New tool ‘democratises climate science’ ahead of COP21
This Article was Written by: Katie Hill - My Green Pod
The scale of action required in Paris is demonstrated by a new interactive tool, formulated by Climate-KIC in collaboration with the Financial Times, that models commitments made ahead of COP21. It’s the first interactive model that illustrates how effectively nations’ COP21 pledges will be in the prevention of climate change.
National climate pledges
Since February 2015, countries have been publishing their climate pledges – or Intended Nationally Determined Contributions (INDCs) – to 2030, to build a global roadmap for an effective binding deal at COP21 in Paris in December.
Until now, assessments of these INDCs haven’t taken cumulative emissions fully into account. Using the COP21 Calculator, anyone can now assimilate climate science and international climate policy to see what would happen if countries curbed emissions in line with their pledges.
The need for action
The model provides users with an opportunity to experiment with a broad range of greenhouse gas (GHG) emission possibilities over the period 2013-2100, from key regions and at a global scale.
The tool also demonstrates the critical need for early and sustained action. Users can see for themselves that, if 2013-2030 actions don’t go far enough, then even best efforts post-2030 won’t keep warming within accepted safe levels.
Warming to slow to 2°C by 2100
According to the COP21 Calculator, combined current pledges (INDCs) represent a meaningful step towards a sustainable future: the emissions pathway from INDCs in their current form will slow global warming by a maximum of 2°C by 2100 (equivalent to cutting about 40% of cumulative emissions over the period 1870-2100).
This reduction would have a significant impact on the projected global temperature, placing the world on a trajectory of no more than 4°C of warming by 2100 – compared with 6°C under the high end of the business-as-usual scenario.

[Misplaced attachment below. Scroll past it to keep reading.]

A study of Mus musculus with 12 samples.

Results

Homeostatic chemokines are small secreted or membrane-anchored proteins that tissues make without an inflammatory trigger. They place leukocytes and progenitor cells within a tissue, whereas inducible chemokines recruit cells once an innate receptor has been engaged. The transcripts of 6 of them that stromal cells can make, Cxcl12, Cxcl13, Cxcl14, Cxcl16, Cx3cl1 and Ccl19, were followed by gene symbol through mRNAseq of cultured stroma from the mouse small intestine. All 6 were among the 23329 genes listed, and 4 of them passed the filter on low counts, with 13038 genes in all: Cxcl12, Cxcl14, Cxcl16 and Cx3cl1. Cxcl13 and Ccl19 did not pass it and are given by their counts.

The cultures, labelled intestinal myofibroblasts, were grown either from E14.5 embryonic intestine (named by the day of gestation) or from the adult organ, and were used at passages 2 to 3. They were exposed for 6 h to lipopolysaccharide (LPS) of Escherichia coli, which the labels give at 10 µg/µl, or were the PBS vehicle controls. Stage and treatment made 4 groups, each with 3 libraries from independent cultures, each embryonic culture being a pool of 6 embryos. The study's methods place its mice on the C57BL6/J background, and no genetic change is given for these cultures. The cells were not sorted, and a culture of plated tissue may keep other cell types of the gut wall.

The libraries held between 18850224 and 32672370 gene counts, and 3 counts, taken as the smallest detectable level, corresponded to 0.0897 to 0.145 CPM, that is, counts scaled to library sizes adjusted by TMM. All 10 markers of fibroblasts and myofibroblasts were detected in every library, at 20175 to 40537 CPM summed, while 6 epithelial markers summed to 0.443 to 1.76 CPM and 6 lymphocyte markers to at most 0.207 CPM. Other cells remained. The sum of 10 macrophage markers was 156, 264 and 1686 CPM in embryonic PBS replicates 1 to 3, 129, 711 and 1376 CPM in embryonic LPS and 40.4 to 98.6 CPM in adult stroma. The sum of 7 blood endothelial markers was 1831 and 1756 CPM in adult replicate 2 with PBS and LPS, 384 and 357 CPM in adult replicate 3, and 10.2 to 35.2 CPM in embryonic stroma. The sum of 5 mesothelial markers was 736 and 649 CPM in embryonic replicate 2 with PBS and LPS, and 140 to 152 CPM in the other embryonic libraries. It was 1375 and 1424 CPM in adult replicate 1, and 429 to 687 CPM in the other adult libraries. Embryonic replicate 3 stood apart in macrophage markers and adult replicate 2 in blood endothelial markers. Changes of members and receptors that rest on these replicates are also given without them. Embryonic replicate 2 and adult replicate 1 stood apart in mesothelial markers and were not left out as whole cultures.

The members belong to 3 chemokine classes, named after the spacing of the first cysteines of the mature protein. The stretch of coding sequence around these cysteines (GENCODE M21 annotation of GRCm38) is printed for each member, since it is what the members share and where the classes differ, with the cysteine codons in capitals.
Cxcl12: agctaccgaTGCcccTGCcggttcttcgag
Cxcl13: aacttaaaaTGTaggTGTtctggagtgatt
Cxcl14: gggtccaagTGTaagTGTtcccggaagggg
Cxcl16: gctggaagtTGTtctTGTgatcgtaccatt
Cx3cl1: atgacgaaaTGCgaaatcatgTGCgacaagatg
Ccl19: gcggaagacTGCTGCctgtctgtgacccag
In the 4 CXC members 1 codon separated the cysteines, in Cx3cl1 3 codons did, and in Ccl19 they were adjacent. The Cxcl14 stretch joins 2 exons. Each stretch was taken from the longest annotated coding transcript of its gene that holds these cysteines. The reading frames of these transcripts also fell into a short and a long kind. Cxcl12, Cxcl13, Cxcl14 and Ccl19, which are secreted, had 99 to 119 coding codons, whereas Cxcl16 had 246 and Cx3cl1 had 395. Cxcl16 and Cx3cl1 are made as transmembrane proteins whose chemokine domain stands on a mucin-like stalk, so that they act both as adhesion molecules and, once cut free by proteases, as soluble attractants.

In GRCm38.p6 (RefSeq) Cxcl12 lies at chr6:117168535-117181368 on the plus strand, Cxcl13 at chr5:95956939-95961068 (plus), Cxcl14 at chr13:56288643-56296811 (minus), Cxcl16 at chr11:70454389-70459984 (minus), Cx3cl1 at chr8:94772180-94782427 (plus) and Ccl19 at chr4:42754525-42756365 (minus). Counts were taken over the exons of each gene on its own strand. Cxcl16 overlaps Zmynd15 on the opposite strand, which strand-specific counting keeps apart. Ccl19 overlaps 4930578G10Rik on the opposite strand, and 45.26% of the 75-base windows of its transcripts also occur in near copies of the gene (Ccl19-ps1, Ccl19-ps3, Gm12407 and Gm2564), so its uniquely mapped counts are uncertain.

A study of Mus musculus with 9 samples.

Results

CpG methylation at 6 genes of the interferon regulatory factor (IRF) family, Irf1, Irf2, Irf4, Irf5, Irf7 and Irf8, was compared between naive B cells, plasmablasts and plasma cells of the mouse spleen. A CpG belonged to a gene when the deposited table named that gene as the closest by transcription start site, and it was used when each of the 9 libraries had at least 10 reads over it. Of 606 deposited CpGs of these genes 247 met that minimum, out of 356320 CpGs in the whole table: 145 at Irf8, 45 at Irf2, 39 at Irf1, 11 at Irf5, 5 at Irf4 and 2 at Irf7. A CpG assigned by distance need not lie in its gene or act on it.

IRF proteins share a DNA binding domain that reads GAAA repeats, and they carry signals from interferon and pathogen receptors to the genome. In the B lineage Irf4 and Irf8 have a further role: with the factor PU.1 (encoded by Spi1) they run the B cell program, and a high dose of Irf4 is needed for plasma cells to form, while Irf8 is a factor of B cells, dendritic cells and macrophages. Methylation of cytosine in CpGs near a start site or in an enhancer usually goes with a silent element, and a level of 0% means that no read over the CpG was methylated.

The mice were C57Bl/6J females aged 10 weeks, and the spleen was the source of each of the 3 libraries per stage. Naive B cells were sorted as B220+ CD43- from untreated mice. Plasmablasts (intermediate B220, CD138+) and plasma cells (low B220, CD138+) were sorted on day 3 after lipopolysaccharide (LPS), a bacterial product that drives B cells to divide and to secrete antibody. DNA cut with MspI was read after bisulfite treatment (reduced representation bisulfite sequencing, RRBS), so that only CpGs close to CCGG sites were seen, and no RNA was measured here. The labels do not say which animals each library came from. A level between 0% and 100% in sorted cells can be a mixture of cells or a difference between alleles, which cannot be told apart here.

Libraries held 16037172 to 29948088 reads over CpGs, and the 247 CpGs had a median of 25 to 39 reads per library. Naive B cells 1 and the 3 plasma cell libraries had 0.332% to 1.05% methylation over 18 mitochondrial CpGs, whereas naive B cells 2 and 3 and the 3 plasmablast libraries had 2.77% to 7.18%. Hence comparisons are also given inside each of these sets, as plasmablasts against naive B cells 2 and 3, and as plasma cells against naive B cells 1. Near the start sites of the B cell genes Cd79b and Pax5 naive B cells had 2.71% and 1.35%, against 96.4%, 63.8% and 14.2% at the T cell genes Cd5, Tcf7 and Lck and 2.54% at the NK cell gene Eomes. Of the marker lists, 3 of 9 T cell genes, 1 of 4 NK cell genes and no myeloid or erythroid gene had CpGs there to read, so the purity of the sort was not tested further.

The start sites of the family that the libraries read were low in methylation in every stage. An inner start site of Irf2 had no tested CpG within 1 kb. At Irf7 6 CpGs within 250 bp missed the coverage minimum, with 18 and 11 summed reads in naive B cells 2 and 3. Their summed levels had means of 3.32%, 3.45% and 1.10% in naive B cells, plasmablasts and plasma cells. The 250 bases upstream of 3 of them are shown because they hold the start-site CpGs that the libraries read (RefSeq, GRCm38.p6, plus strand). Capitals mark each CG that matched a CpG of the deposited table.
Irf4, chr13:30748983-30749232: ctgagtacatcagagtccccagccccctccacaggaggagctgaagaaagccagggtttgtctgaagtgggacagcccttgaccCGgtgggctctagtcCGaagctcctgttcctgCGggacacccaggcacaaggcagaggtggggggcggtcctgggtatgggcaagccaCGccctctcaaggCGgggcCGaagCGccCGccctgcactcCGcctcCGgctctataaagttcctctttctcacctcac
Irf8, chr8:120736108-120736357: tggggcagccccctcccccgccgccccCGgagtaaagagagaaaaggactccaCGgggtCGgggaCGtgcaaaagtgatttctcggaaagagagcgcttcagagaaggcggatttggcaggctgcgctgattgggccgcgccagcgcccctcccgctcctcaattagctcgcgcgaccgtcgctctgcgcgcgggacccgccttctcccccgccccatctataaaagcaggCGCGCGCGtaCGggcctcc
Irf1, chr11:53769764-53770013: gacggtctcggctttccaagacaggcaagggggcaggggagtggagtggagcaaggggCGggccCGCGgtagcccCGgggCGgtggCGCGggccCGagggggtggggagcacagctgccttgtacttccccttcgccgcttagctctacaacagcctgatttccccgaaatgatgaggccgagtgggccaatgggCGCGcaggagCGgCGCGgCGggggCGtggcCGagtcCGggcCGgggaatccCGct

Pledges aren’t enough
The globally accepted threshold for avoiding dangerous climate change impacts is 2°C. Using the Calculator, we can dynamically assess how much more heavy lifting is needed in the short, medium and long term if we’e to stay below this 2°C threshold.
A large gap still remains between the current INDC pledges and the emission commitments required for limiting warming to safe levels.
‘Climate agreements in the past have not been successful due to differences between the developed and developing nations on pledges related to required emission reductions.
‘Encouraging signs are emerging from the developing world this year in form of their ambitious INDCs and this gives us a hope for an effective agreement in Paris.’
Dr Rajiv K Chaturvedi, Researcher for Climate-KIC UK at the Indian Institute of Science, Bangalore
The COP21 Calculator illustrates the need for governments in Paris to take sharp action to ramp up emission reduction commitments and to sustain the effort over the decades to come.
‘The COP21 Calculator clearly highlights that we can meet our 2 degrees target while maintaining good lifestyles and a prosperous economy – but to be successful the world needs to act now and transform the technologies, knowledge base and fuels we use and make smarter use of our land.
‘INDC declarations ahead of COP21 in Paris are an important first step along the wider review path. We hope that clarity of the task ahead will enable negotiators at COP21 to ensure a firm process is put in place to increase the ambition of country pledges beyond 2020.’
Dr Jeremy Woods, Programme Lead for Climate-KIC UK at Imperial College
Our carbon budget
On our current track, the world is heading towards total (cumulative) emissions of around 6,700 billion tonnes of CO2 (GtCO2e) by 2100 (since 1870).
By 2030, in the absence of the INDCs, the world would have emitted 3,745 GtCO2e since 1870, whilst with the INDCs the calculator team estimates that the world will emit 3,645 GtCO2e.
In order to be on a safe pathway heading for the 2°C target, cumulative emissions need to have been below 3,550 GtCO2e by 2030 and below 4,600 billion tonnes of CO2 by 2100.
This leaves a carbon budget of less than 1,000 billion tonnes of CO2e that could be emitted post-2030 up to the end of the century whilst staying within the 2°C budget.
The climate calculator allows users to track and project GHG emissions from China, the US, the EU, India, Russia, Brazil, Japan, Canada, Australia and the rest of the world (RoW) over the period 1870 to 2100.
China, US, EU, India, Russia, Brazil, Japan, Canada are the world’s highest GHG emitters. Together with Australia, they accounted for two-thirds of global GHG emissions in 2010.
Click here to find out more about the COP21 Calculator.